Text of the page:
Among gardens, garden centers, statuaries and yard art, the stone figure of a monk gently holding a bird in open hand is sometimes found. The statue of the robed monk is St. Francis of Assisi, the patron saint of animals and ecology. But what of the monk who holds a spade?
This time of year I find it hard to do anything but work in the yard.
Remember when "the birds and the bees" was a euphemism for the "facts of life" which was a euphemism for sex?
With my own eyes I saw the carpenter bee wiggle into a hole in the wall right beside the recycle bin.
I suspected Jane Goodall was dead, only to discover she is very much alive and, on April 3, celebrated her 81st birthday.
Jack Henry, Jack for short, is my cat, and he's finally given up trying to force himself on top of my laptop computer.
A few weeks ago I looked out the window only to see the earth moving. Then out from under the fallen oak leaves scattered across the field, hundreds of robins popped forth, foraging for worms. Robins move ahead of warm fronts, and the rains had made the ground soft, easier for digging worms.
A couple of weeks ago I took a short drive from the Prairie, and a disturbing thing happened. I've pondered it ever since.
For the second time in a week the ground was covered with snow and ice. The first storm left mounds of snow covering outbuildings, vehicles and piling right up to the lake water's edge. The pristine snow made the white ducks look dingy.
On days when fishing is out of the question and the 24/7 news has taken its circuitous route about dozen times and the SEC channel is showing decades-old football games, Sam opens a book.
As the days grow longer and the sun shines warmer and the occasional temperatures tip 70 degrees, a retired man's fancy turns to fishing.
It was an early, frosty morning and a lone deer fed in the field. You have to wonder why it nibbled at the cold, dead grass. Soon, another joined it and then another. In the distance they looked like shadows on the pale, icy ground.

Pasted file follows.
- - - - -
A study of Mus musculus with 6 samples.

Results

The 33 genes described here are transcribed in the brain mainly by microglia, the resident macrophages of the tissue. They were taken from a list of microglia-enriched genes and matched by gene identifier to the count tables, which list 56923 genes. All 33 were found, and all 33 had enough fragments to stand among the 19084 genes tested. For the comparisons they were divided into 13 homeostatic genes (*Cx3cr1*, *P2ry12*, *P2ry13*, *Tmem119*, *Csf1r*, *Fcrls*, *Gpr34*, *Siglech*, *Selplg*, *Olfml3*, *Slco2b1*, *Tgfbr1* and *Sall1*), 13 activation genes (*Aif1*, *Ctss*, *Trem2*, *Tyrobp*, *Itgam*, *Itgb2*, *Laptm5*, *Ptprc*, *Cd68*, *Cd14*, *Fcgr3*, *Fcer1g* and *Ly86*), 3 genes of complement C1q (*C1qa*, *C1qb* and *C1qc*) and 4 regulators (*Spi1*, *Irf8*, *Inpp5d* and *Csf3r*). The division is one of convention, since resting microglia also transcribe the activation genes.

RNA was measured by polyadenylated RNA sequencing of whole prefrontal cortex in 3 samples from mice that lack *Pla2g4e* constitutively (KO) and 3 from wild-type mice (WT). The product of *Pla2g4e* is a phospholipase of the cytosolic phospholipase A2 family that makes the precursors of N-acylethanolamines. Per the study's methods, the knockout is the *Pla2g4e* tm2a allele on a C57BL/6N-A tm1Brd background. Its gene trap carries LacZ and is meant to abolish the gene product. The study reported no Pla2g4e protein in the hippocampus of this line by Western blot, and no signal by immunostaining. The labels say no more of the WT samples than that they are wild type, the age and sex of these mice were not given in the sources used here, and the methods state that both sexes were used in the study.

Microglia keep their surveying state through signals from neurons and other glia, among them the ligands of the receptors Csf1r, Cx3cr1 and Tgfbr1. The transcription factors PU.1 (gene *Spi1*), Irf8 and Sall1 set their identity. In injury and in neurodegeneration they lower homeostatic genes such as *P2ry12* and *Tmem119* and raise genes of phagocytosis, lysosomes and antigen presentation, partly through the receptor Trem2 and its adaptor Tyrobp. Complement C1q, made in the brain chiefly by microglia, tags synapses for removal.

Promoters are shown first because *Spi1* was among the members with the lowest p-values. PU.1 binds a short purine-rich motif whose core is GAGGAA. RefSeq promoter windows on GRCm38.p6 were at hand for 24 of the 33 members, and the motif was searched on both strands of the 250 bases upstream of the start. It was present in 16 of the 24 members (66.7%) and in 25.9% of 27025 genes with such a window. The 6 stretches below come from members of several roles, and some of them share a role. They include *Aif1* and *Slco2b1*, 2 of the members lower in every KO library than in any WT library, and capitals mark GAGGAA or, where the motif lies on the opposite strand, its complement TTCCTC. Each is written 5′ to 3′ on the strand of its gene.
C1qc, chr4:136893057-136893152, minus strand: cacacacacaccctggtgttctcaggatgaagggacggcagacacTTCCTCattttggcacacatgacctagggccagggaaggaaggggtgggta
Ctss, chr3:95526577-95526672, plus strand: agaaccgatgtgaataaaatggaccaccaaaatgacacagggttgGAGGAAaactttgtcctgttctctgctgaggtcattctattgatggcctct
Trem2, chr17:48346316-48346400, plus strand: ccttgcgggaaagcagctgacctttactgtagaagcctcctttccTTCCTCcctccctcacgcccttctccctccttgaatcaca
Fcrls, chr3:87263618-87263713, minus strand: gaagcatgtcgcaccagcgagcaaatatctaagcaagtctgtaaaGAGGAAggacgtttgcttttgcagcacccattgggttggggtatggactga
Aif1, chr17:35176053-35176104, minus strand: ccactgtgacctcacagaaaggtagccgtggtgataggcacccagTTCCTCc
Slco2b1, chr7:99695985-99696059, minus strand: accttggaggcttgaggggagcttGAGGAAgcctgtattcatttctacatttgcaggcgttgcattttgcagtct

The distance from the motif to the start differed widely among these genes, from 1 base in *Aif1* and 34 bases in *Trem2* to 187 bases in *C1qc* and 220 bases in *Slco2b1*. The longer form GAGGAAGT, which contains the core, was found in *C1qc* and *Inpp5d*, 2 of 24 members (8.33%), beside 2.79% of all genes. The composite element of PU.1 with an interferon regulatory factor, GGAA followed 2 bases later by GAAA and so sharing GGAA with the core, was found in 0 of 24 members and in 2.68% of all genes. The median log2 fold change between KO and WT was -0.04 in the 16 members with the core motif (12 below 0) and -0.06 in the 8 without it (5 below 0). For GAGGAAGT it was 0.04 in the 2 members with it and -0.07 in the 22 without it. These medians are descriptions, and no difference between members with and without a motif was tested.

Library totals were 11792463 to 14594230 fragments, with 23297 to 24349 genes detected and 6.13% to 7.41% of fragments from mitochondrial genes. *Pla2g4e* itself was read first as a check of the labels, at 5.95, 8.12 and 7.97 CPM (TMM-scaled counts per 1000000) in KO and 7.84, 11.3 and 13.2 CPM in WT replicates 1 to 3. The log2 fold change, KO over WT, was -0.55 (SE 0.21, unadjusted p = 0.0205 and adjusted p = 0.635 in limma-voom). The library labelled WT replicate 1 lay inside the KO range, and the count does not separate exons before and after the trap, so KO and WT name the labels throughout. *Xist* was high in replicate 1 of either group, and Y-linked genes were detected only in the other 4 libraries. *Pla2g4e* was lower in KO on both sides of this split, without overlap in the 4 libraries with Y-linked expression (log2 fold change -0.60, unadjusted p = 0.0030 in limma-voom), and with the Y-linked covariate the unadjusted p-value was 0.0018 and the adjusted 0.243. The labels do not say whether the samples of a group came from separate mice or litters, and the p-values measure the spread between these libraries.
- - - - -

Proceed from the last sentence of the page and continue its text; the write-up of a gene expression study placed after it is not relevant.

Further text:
"It's a small house, a fixer-upper. Could you be happy there until we can build our own?" The young man had his concerns.
Someone or something was disconnecting the battery wires on the deer feeder. Checking the canister there was plenty of corn but no power. This was the second time in a week.
I've been mopey about another bookstore closing.
Last week was a cold one. We spent much time glued to the digital thermometer and calling out temperatures to the household.
Sam likes to see how high the water is down at the spillway, if it has any "color," and who's fishing -- so we took a drive.
Born in 1899, Gladys Tabor was a writer and a columnist for Ladies Home Journal and Family Circle. If Gladys were alive today I'm sure she'd be my best friend. Taken from "Stillmeadow Sampler," published in 1957 Gladys' words speak to the coming year ...
While Sam watched the MSU girls' basketball game, I wandered through thoughts of Christmases past settling comfortably on Saint Nicholas.
Tom had a hard day at work. After supper he spent a few hours watching TV before bed. Two hours later Tom heard the sound of frogs bellowing in the night; the sound got louder and louder, filling the room. A light bounced off the ceiling while Tom dreamt giant amphibians leaped across his bed in the moonlight.